Having a Career Mindset as a New Military Spouse

I attended my very first spouse group meeting this month and I cannot recommend it enough. I was very lucky to find these ladies in a Facebook group, as it is not an official military organized group.

This is one of the benefits of social media. I connected with another spouse while my husband was away at Officer Candidate School (OCS) and she was a member of this Facebook group and invited me and a few other significant others to join as well. I have gained so much knowledge and comfort from being a part of these groups.

I have seen so many spouses receive answers on everything from quality places to get your nails or hair done, housing, finding child care, getting car repairs completed, and the question that is on every military spouse’s mind: where can I find employment! In fact, this was a very hot topic at the spouse’s group meeting I attended. And here I thought I might be the only one struggling!


There is no denying that continuing your own career while simultaneously supporting your spouse’s military profession is a challenge; however, it is not impossible.

Before my husband left for OCS I had just been promoted at work and I was networking and engaging with some pretty important people in my field that I could see had the potential to catapult my career tremendously. I had concerns about what a big move might mean to me professionally, and there was one on the horizon as we prepared to leave for flight school in the next six months.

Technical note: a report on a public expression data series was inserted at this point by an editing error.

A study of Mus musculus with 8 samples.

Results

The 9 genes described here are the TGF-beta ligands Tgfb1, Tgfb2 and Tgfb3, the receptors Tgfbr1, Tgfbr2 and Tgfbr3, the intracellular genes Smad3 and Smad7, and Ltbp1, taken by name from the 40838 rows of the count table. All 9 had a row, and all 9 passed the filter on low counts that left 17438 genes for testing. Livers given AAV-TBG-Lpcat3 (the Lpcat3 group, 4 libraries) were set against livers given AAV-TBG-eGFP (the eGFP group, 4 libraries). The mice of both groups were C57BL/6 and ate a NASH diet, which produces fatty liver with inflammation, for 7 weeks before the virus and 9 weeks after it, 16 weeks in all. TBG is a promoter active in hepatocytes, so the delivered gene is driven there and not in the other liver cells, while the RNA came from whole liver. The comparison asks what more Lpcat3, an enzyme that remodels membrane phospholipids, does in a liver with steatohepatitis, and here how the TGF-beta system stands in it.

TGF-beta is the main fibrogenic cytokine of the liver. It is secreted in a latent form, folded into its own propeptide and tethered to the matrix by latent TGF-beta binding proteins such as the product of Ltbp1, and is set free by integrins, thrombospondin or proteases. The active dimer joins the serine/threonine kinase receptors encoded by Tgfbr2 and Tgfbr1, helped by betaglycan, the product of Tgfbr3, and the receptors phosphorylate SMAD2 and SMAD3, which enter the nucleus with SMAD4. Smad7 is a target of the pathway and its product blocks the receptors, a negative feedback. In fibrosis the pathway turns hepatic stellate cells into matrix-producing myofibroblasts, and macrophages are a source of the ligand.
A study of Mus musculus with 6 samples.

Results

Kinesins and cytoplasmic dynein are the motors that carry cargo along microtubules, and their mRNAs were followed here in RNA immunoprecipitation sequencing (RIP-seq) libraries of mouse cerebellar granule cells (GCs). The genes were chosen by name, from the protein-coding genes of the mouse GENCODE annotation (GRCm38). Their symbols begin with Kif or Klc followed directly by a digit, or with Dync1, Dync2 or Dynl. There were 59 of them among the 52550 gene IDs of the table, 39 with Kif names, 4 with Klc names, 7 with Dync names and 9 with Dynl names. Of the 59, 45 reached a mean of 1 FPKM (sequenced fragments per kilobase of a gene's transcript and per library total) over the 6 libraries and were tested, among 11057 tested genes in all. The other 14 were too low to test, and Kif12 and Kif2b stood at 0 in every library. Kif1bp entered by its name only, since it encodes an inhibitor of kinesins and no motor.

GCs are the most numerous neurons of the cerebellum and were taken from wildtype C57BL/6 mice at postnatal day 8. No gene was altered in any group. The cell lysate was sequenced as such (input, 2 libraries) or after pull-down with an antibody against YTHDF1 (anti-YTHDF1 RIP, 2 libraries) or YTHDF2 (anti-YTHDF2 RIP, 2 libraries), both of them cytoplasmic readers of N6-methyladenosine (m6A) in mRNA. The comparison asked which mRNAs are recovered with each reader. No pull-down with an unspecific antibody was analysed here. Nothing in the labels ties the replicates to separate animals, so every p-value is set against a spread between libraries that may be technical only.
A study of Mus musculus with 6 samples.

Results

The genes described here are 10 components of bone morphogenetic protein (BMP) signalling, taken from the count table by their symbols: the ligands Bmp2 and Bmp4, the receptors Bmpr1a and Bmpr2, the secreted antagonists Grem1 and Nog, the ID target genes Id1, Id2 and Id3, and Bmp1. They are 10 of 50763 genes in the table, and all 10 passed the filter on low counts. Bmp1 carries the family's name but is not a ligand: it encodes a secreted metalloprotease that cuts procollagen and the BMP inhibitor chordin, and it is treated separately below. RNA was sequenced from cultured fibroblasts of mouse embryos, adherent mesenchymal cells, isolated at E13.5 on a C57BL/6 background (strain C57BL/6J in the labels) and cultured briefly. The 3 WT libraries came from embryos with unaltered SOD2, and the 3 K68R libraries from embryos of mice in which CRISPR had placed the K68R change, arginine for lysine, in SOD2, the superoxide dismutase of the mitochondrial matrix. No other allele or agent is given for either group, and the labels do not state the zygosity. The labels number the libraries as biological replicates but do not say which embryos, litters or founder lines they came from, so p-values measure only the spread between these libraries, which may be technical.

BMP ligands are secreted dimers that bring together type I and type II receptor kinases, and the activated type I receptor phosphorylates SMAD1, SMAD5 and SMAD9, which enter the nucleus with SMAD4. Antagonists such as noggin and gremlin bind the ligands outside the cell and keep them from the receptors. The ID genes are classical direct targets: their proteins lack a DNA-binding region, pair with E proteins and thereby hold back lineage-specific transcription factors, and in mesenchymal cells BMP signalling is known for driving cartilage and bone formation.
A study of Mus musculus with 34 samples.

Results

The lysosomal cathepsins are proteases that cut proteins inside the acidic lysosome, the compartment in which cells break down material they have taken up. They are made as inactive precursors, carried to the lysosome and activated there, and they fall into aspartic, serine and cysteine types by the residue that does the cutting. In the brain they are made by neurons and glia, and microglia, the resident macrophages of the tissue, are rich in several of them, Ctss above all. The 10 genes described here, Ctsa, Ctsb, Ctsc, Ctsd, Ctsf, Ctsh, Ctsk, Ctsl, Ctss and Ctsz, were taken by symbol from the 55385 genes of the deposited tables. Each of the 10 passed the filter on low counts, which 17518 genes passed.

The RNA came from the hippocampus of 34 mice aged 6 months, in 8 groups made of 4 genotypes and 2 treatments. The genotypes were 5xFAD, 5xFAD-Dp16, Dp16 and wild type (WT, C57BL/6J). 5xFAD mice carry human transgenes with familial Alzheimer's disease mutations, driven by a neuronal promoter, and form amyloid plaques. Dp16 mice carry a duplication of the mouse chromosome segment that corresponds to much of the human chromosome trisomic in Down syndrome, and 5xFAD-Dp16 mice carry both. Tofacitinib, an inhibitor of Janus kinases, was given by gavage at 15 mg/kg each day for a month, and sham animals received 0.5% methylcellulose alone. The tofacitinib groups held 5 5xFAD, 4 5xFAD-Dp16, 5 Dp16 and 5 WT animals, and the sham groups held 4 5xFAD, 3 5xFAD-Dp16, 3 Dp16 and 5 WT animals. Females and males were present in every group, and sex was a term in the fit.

Regardless, I still worked my tail off, continued to network. Even knowing I would be leaving my position shortly and would not be able to take advantage of some of the positions available in the next year.

I did this for multiple reasons:

  1. Work Ethic-My own work ethic and value I place on my performance.
  2. References-I wanted to be able to use coworkers and employers as references when applying for future positions.
  3. Burn Bridges -NEVER burn a bridge. You never know when you might end up back in an old location, and it’s a small world. You could move to a different country and someone might still know someone there who you could use as a connection.

Since, our move to Pensacola, Florida, I have taken a different direction with my career than the course I was on, which is exciting and scary at the same time. Being a military spouse definitely comes with a set of challenges, but fortunately there are also a number of resources and benefits available to help you overcome. So you can be successful in your life and your career.

A great place to start is your Fleet and Family Support Center, Family Readiness Group, Family Readiness Officer, Airman and Family Readiness Center, no matter what branch you and your spouse fall under, there is a center you can reach out to for support and awareness of the resources right for you and your career.